Published Nov. 21, 2023.

Nirsevimab (Beyfortus) RSV preventive antibodies for infants is in short supply. Encourage Abrysvo vaccine for pregnant people to protect babies from RSV. 

Washington will receive 7,700 50 mg and 600 100 mg nirsevimab doses for the remainder of respiratory syncytial virus (RSV) season. Centers for Disease Control and Prevention (CDC) released a Health Alert that includes guidance for healthcare providers. 

Providers should:

  • Know nirsevimab supply is on allocation from CDC. Washington Department of Health (DOH) is prioritizing tribal clinics and birthing hospitals.
  • Encourage pregnant people to get Abrysvo RSV vaccine at 32–36 weeks gestation to protect newborns from severe RSV after birth.
  • Give palivizumab (Synagis) to eligible infants instead of nirsevimab this RSV season.
  • Consider stocking Abrysvo at clinics that serve pregnant patients.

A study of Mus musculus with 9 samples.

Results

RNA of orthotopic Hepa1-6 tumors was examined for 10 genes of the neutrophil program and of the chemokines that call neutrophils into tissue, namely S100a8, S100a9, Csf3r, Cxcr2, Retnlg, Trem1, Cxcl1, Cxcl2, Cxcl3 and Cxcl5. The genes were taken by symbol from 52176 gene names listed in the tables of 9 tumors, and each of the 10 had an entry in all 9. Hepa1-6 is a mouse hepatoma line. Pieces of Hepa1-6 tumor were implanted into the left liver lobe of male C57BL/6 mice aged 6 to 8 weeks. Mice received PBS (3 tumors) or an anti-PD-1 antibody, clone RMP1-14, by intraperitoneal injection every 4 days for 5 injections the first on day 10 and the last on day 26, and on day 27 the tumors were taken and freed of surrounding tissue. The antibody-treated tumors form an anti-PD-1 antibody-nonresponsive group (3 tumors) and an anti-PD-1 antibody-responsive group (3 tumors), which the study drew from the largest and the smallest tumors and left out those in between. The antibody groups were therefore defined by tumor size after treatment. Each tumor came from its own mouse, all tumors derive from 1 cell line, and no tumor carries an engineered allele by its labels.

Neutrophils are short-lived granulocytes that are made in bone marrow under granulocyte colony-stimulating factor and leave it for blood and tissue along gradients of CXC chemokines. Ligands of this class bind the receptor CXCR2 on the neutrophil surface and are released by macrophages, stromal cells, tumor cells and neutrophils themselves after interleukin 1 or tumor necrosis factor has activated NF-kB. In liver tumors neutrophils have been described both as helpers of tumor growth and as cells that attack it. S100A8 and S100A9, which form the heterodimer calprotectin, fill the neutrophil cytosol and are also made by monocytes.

• Know pharmacists can give Abrysvo to pregnant patients, as Advisory Committee on Immunization Practices (ACIP) recommends it. Use the Abrysvo vaccine locator to find this vaccine.

Immunize.org released a standing order template for this RSV season to ensure infants meet eligibility criteria.

CDC recommends Abrysvo vaccine for pregnant people. 

Administer Abrysvo vaccine during RSV season (September–January).

  • Give without regard to timing of other vaccines. 
  • Administer between 32 weeks, 0 days and 36 weeks, 6 days gestation. 
  • This gives infants adequate protection from RSV, if administered at least 14 days before delivery.  
  • ACIP judged the benefits of vaccination outweighed risks. Efficacy against hospitalization for RSV was 48.2% during the approved dosing interval. See MMWR for complete efficacy and safety information. 
  • Arexvy, GSK’s RSV vaccine for older adults, is not approved for use in pregnancy.